SO GOOD. SO GOOD. If you’re anything like me and really love a hero who is a jerk, you are going to fall hard for The Failing Hours. Zeke and Violet are about as opposite as it’s possible to be in terms of temperament and joy of life. At least so it first appears. Don’t worry, there is a lot more to Zeke beneath the surface.
Violet is supposed to be tutoring Zeke but she purposefully misses their first appointment after seeing him in the library because his size and his scowl intimidates her. When she finally gets up the nerve to have their first tutoring session, Zeke is much as she expected. Sarcastic, snappy, and angry. There is no way love is going to blossom between this pair.
That is before two young kids, a meddling wrestling coach, and Violet start to win Zeke over, slowly but surely. That isn’t to say that Zeke does a complete 180 in this book because he definitely does not. Even at the end, Zeke has some things to work through. But his heart does soften and he does realize he is in love. This is a big deal for a guy who has been the forgotten child of his parents all his life, shuffled between relatives. He’s never had a family and to say he has a chip on his shoulder would be putting it mildly.
Violet actually comes from somewhat similar circumstances as Zeke. Her parents died when she was four and she too was shuffled amongst adults. But her attitude is a lot different. She is determined to make a success of her life, to have close friends, to find happiness. I hate to say it, but kindness exudes from her pores. I was a bit worried that she would end up being somewhat spineless but no worries. When Violet needed to stand up for herself, she did with resolution and grace. I particularly appreciated how she took a stand at the end. I won’t say much more but Violet proves that she holds herself in great esteem, as she should.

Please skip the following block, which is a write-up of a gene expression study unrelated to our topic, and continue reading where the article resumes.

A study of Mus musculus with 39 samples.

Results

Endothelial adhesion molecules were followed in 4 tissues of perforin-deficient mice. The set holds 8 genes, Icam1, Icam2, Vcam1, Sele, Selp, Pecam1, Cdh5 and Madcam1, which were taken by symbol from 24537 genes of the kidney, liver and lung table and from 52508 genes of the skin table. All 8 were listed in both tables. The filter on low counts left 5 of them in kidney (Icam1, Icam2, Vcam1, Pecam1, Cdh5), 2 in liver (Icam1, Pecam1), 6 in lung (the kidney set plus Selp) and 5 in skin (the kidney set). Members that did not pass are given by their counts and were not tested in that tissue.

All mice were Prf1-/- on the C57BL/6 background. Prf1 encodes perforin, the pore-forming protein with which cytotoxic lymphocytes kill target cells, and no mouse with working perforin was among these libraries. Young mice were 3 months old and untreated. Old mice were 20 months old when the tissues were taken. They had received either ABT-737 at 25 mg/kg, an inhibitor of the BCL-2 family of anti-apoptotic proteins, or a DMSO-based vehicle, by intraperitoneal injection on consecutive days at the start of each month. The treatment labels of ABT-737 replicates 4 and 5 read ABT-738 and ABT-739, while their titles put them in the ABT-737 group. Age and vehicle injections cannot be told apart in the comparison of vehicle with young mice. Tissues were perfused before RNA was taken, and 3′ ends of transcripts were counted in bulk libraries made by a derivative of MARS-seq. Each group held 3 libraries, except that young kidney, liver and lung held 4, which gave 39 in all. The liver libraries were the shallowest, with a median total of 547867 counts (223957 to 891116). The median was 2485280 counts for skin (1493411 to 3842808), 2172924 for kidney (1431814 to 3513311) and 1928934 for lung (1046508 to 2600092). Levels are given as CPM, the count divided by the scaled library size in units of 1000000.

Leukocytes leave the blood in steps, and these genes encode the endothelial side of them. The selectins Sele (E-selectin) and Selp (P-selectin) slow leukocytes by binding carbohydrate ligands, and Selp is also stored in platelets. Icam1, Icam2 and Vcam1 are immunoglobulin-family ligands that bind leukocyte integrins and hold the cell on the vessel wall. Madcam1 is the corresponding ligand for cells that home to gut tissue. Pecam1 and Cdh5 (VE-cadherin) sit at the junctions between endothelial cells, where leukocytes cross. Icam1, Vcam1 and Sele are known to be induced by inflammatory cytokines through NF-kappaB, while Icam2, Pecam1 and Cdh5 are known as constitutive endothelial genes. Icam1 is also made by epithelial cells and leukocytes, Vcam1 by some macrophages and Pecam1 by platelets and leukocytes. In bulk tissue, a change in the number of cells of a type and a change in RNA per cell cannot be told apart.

Sara Ney does a fantastic job at crafting the love scenes too. I almost feel like Zeke had a few purple prose moments in how he felt about Violet during their sex scenes. It was somewhat comical in that respect, seeing this angry man becoming rapturous over a woman.
I don’t think I ever actually reviewed the first book in this series, The Studying Hours (it is fantastic by the way, thanks Andi for introducing me to the series). The characters from The Studying Hours make appearances in this book but it’s quite nice because it shows how deep the stakes are for Zeke if he doesn’t moderate his attitude a bit. And it was just nice to see Oz and Jameson again.
I truly felt like Sara Ney wrote this book purposefully for me because she hit all my reading sweet spots. A somewhat introverted heroine, an angry, douchebag of a hero, and a wonderful love story that unfolds between them. (And while I say Zeke is a douchebag, make no mistake, he is not truly CRUEL or god forbid, abusive in any way. He just has a bit of a mean streak that needs tempering).
Also, I have to mention how much I loved Zeke and his little, the boy he is paired up with for a mentoring program. This kid gives Zeke so much crap but man oh man, they really learned to like each other. And there is a part at the end, oh goodness, where Zeke explains how much this boy has influenced him and it just the sweetest thing.
So yes, I loved Zeke, A LOT. I loved Violet too but I guess for me, Zeke turned out to be the star of the show so to speak.
Purveyor of all things witty & romantic, I love: iced latte’s, traveling, and bright, bold colors. On any given day, you can find me in my office, lovingly gazing at my bookshelf or shuffling my Bic felt-tip pen collection. I love hand writing letters, and sarcasm.
I live in the midwest, but “Will Write for Travel,” and believe everyone should follow their dreams, no matter how big or small. My favorite authors include Cindy Miles, S Walden, Suzanne Enoch, Tessa Dare (to name a few). I am a glutton for Historical, RomCom, Sports and MC romance.
One husband. Two daughters. Plenty of chaos.